By Zachary Flynn
It’s got to be tough to be a part of a movie where 95 per cent of the cast is being out-performed by a Chimpanzee.
Jack the Chimpanzee is the obvious star in the movie MVP: Most Valuable Primate. The movie follows the story of Jack, who escapes from a university once he learns he is to be sold to a medical research lab. In his attempt to return home to his primate family at an animal sanctuary, Jack sleeps through the stop on the train ride and finds himself in Nelson, BC.
Within 48 hours, he meets and befriends Tara, a young deaf girl who adopts him and welcomes Jack into their family to the initial shock and confusion of her family. Somehow, Jack finds his way onto the high school hockey team that Tara’s brother, Steven, plays on. He and the primate lead the team to break their 40-game losing streak and go on to the championship game.
The film would go on to earn a 4.1/10 on IMBD, 20% on Rotten Tomatoes and 43% on Metacritic. And yes, I used the word “earn” intentionally.
From a directing standpoint, the mark was missed. Scenes were jumbled together, scenarios were forced, and there was little to no flow whatsoever. Jack is shown dancing around university halls in roller skates early in the film, then is seen fumbling in ice stakes once he reaches Canada. Less than 24 hours later, he’s off shooting pucks from the blue line so strong they tear holes in the back of the net.
And please, if you’re filming a show in Canada portraying Canadians, understand that we don’t wear our shoes inside the house – especially in the middle of winter.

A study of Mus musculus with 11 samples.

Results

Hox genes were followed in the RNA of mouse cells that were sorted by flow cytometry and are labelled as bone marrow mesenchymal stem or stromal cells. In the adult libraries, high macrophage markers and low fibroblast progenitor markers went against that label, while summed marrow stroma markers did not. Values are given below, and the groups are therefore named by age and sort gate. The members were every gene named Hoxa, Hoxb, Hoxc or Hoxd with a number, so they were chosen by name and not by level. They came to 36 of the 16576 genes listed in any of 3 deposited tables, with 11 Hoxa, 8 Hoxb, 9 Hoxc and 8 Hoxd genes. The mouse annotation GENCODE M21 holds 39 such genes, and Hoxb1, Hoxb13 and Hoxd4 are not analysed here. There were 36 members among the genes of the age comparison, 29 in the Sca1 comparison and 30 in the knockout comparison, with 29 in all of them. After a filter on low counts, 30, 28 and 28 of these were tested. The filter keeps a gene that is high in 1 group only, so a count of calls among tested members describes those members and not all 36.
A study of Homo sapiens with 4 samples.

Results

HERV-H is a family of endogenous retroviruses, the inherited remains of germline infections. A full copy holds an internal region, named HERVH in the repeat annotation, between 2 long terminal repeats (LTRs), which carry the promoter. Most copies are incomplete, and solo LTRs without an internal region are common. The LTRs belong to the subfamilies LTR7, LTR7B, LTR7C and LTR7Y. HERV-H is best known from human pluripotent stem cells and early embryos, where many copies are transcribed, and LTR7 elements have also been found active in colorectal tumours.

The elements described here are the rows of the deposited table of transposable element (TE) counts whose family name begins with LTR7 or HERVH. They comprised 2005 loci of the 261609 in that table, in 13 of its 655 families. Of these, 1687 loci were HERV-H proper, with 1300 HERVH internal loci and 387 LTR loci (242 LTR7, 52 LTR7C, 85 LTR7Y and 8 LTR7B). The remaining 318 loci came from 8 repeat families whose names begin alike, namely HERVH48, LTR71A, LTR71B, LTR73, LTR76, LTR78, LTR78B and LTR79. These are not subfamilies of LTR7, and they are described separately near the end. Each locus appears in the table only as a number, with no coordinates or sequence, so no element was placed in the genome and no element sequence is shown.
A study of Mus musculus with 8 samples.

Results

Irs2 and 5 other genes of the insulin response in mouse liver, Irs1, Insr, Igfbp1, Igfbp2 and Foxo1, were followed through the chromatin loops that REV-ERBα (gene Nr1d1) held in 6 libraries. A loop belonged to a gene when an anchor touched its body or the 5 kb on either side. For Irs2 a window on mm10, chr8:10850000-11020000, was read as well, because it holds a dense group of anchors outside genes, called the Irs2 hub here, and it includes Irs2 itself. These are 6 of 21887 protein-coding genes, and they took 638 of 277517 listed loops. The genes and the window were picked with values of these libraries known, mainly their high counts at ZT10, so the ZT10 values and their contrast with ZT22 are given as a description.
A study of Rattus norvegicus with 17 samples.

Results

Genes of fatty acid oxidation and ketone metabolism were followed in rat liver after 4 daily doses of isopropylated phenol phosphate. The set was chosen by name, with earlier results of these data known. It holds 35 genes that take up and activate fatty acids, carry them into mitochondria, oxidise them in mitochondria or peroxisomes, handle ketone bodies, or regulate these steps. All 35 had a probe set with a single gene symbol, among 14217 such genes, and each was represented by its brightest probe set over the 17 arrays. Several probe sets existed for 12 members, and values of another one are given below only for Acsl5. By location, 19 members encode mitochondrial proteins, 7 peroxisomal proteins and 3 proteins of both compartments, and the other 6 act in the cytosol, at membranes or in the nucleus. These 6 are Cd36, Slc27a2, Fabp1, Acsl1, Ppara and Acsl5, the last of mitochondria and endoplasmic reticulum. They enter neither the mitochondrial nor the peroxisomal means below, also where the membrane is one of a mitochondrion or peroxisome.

The vast majority of the adult cast greatly exaggerate their characters, except for the parents of Steven and Tara. Unfortunately, they push it past the point of comedy for anybody above the age of eight.
Robert Vince, the director of this movie, is the same man who brought to screen Air Bud and its subsequent sequels, the Pup Star movies, and two other MVP movies. You read that right, the production crew saw the reviews for Most Valuable Primate and decided to greenlight it for not one, but two sequels. Vince is a one-trick pony and that trick is swindling parents out of their money and their afternoon to watch animals degrade the institution of sport.
From a technical standpoint, they did the most with what they could; however, there were some very deliberate choices that just didn’t work.
In one of the early scenes when Steven is trying out for the worse-than-beer-league high school hockey team, the production team decides to put a spotlight on him when he scores a goal and celebrates. There isn’t anybody in the stands aside from Steven’s sister, and obviously, nobody there to shine a light. It makes zero sense, along with many other choices made in this film.
There were also a number of train scenes very obviously shot on miniatures, shot indoors, lit the wrong way, and with no sense of scale or atmosphere. It’s as if they gave the prop master a weekend, a $30 budget at the local hobby shop, and asked him to do his best.
That being said, the movie likely was made on a shoestring budget. The budget numbers aren’t published, but Box Office Mojo says the movie grossed just over $1.2 million USD.
I understand the movie was geared towards young kids, but I would like to believe that there was potential to turn MVP into something like a ‘Coach Carter’-style movie.
Unfortunately, with too many supporting cast members taking up too much screen time and a director who didn’t care for attention to detail and obviously catered to the movie’s target audience, this film will go down as one of the worst Canadian sports films out there.